Updated: Feb 29

As you plan for your return to work it’s important to revisit your cleaning routine to make sure you’re doing what you can to protect yourself and your employees.

We want to help, so we’ve put together some guidelines based on insight and recommendations from Public Health England.

A photo of office with one employee.

Cleanliness has always been the priority for our clients & their visitors. But it’s even more critical as we all aim to reduce the spread of infection. According to PHE, it’s possible for someone to contract COVID-19 by touching a contaminated surface—like a door handle or light switch—and the virus may live on some surfaces for several hours or even days. That’s why it’s essential to clean and disinfect frequently touched surfaces often, especially between reservations.

When it comes to preventing the spread of germs, it helps to understand the difference between cleaning and disinfecting. Cleaning is the act of removing germs, dirt, and impurities. Disinfecting is when you use chemicals to kill germs. By cleaning first, then disinfecting, you can lower the risk of infection.

What you need to know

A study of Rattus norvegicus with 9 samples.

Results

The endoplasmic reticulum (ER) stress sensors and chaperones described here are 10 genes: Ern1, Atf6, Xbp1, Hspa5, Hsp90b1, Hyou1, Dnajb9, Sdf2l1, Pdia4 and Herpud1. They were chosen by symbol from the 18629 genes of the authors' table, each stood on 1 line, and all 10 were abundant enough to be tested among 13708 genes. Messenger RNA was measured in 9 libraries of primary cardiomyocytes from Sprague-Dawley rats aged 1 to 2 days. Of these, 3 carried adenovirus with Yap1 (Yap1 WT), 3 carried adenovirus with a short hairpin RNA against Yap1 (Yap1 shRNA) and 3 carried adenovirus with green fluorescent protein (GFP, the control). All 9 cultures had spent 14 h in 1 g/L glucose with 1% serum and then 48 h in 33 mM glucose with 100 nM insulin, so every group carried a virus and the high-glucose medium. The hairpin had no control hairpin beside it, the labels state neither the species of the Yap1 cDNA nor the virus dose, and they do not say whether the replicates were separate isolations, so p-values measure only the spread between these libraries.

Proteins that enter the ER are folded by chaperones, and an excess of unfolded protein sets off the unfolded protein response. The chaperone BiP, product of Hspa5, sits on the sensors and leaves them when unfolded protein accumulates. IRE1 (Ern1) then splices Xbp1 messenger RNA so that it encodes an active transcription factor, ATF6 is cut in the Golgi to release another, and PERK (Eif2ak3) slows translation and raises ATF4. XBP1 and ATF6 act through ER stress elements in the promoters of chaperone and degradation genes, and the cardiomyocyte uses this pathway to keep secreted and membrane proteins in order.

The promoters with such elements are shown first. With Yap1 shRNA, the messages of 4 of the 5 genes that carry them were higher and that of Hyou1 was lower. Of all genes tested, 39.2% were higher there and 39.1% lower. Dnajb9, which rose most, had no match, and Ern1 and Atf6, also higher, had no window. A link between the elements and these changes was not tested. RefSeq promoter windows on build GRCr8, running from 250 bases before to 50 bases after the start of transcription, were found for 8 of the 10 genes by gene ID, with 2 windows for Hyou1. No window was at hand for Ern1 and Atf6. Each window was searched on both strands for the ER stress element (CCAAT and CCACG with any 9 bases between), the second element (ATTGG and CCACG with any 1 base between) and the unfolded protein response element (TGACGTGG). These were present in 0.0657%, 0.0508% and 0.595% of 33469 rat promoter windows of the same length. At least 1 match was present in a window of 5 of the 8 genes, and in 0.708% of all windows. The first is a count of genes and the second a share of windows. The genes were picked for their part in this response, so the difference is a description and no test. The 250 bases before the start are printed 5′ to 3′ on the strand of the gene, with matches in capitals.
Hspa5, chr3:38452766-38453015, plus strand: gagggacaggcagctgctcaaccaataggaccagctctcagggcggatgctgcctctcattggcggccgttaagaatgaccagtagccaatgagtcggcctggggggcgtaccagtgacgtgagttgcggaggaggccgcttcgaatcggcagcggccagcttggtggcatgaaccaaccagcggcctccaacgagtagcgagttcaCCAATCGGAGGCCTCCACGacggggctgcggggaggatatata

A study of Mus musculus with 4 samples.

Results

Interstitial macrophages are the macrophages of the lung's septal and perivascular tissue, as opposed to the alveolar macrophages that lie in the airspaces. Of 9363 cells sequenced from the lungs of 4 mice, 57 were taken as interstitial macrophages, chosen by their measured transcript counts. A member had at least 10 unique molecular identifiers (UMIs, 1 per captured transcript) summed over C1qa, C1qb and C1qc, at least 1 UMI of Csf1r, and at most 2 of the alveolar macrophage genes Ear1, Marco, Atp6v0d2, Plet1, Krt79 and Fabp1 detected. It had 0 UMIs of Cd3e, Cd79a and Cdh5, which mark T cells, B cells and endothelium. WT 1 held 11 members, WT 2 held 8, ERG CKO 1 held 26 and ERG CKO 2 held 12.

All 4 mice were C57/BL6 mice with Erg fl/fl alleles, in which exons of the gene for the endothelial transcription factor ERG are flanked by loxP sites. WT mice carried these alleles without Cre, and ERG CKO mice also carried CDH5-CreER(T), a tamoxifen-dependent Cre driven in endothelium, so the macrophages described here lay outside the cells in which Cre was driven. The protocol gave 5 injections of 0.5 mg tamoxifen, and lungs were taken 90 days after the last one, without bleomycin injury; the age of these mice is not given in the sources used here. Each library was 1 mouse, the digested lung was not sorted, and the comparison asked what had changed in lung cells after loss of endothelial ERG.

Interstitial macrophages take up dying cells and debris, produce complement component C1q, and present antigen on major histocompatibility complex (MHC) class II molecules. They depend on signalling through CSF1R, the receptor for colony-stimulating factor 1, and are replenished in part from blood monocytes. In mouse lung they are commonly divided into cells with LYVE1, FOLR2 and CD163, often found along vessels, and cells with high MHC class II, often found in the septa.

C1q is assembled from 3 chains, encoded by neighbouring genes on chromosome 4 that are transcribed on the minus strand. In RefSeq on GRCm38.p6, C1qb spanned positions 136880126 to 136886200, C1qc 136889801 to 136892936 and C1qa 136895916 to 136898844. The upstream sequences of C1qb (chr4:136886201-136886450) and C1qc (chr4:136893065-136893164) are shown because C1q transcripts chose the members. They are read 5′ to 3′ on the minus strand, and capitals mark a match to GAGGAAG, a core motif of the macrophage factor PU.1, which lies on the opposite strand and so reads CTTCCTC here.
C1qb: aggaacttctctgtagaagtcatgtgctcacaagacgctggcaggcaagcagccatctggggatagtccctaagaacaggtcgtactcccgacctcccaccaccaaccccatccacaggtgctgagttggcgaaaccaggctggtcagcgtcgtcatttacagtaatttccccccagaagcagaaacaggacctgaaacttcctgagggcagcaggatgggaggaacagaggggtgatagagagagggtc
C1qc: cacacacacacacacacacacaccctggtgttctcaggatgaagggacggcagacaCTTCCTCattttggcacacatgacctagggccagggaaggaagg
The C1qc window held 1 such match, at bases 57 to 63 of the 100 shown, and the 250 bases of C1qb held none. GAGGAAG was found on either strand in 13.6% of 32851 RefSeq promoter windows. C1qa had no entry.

• cleaning an area with normal household disinfectant after someone with suspected coronavirus (COVID-19) has left will reduce the risk of passing the infection on to other people

  • wear disposable or washing-up gloves and aprons for cleaning. These should be double-bagged, then stored securely for 72 hours then thrown away in the regular rubbish after cleaning is finished

  • using a disposable cloth, first clean hard surfaces with warm soapy water. Then disinfect these surfaces with the cleaning products you normally use. Pay particular attention to frequently touched areas and surfaces, such as bathrooms, grab-rails in corridors and stairwells and door handles

  • if an area has been heavily contaminated, such as with visible bodily fluids, from a person with coronavirus (COVID-19), use protection for the eyes, mouth, and nose, as well as wearing gloves and an apron

  • wash hands regularly with soap and water for 20 seconds, and after removing gloves, aprons and other protection used while cleaning


Experience of new coronaviruses (SARS-CoV and MERS-CoV) has been used to inform this guidance. The risk of infection depends on many factors, including:

  • the type of surfaces contaminated

  • the amount of virus shed from the individual

  • the time the individual spent in the setting

  • the time since the individual was last in the setting

The infection risk from coronavirus (COVID-19) following contamination of the environment decreases over time. It is not yet clear at what point there is no risk. However, studies of other viruses in the same family suggest that, in most circumstances, the risk is likely to be reduced significantly after 72 hours.